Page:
When we think of the French and Indian, or Seven Years’ War, we often think of battles: The Monongahela, Ticonderoga, Québec. Yet, wars aren’t just about battles. They’re about people and governments too.
In this episode, we explore a very different aspect of the French and Indian or Seven Years’ War. We explore the war through the lens of disease and medicine and how disease prompted the British government to take steps to keep its soldiers healthy.
Our guide for this investigation is Erica Charters, an Associate Professor of the History of Medicine at the University of Oxford and author of Disease, War, and the Imperial State: The Welfare of British Armed Forces during the Seven Years’ War.
About the Show
Ben Franklin’s World is a podcast about early American history.
It is a show for people who love history and for those who want to know more about the historical people and events that have impacted and shaped our present-day world.
Each episode features a conversation with a historian who helps us shed light on important people and events in early American history.
Erica Charters, an Associate Professor of the History of Medicine at the University of Oxford and author of Disease, War, and the Imperial State: The Welfare of the British Armed Forces during the Seven Years' War, leads us on an exploration of the French and Indian, or Seven Years’ War, and how that war prompted the British Government to study disease in an attempt to protect its military personnel from it.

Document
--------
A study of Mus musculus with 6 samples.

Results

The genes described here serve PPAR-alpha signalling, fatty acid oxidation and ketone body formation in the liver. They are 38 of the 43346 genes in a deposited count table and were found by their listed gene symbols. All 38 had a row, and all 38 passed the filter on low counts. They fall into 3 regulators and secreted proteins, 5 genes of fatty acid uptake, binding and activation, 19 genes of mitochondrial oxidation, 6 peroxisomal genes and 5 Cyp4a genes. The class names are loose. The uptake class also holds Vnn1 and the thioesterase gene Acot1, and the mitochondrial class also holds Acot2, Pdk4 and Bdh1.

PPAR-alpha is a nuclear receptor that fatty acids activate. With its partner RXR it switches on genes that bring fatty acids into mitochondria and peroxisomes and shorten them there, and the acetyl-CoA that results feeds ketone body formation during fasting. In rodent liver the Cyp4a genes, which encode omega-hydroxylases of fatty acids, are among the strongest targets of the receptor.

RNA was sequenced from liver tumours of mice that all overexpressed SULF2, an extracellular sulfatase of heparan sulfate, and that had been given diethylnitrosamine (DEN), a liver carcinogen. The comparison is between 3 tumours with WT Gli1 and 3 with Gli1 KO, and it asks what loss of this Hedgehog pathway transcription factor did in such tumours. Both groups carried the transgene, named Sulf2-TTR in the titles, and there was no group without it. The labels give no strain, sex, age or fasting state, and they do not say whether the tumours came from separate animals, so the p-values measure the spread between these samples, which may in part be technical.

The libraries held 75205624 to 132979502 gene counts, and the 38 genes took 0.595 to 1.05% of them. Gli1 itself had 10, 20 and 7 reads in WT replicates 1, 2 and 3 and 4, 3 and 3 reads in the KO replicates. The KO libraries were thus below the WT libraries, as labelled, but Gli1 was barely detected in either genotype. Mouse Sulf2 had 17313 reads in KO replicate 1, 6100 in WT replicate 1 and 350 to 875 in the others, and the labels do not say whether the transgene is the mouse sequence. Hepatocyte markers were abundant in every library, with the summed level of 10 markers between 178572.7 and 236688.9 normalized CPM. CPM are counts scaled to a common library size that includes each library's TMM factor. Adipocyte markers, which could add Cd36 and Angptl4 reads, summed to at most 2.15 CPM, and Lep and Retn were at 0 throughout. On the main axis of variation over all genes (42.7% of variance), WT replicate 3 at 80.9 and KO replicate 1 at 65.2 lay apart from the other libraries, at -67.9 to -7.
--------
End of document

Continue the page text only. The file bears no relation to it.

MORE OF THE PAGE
During our investigation, Erica reveals connections between disease and government; The Seven Years’ War and the theaters Great Britain fought in; And, details about the interest the British government took in disease and its work to protect its solders from it during the war.
What You’ll Discover
- Connections between disease and government
- Why 18th-century governments feared underpopulation
- 18th-century medicine and the humoral theory of medicine
- How doctors and states worked to keep people healthy
- Environmental medicine
- The Seven Years' War & the theaters Great Britain fought in
- Diseases that plagued the British Army during the Seven Years’ War
- How the British military attempted to combat disease during war
- 18th-century theories about climates, people, and disease resistance
- Whether the work of British army and naval doctors led to any cures for diseases like yellow fever, malaria, and scurvy
- What the people of Great Britain thought about the British government’s interest in disease and attempts at prevention during the Seven Years’ War
- Treatment of British troops from the British Isles versus soldiers from North America
- Differences between British and French investments in troop welfare
- Whether 18th-century medical practitioners shared medical knowledge across national borders
Links to People, Places, and Publications
- Erica Charters
- Erica’s Oxford University webpage
- Disease, War, and the Imperial State: The Welfare of the British Armed Forces during the Seven Years' War
- Episode 060: David Preston, Braddock’s Defeat
- Episode 086: George Goodwin, Benjamin Franklin in London
- Episode 091: Gregory Dowd, Rumors, Legends, and Hoaxes in Early America
- Episode 108: Ann Little, The Many Captivities of Esther Wheelwright
In your opinion, what might have happened if Great Britain and France could have avoided the Seven Years’ War? What would the lack of that war have meant for the development of medicine?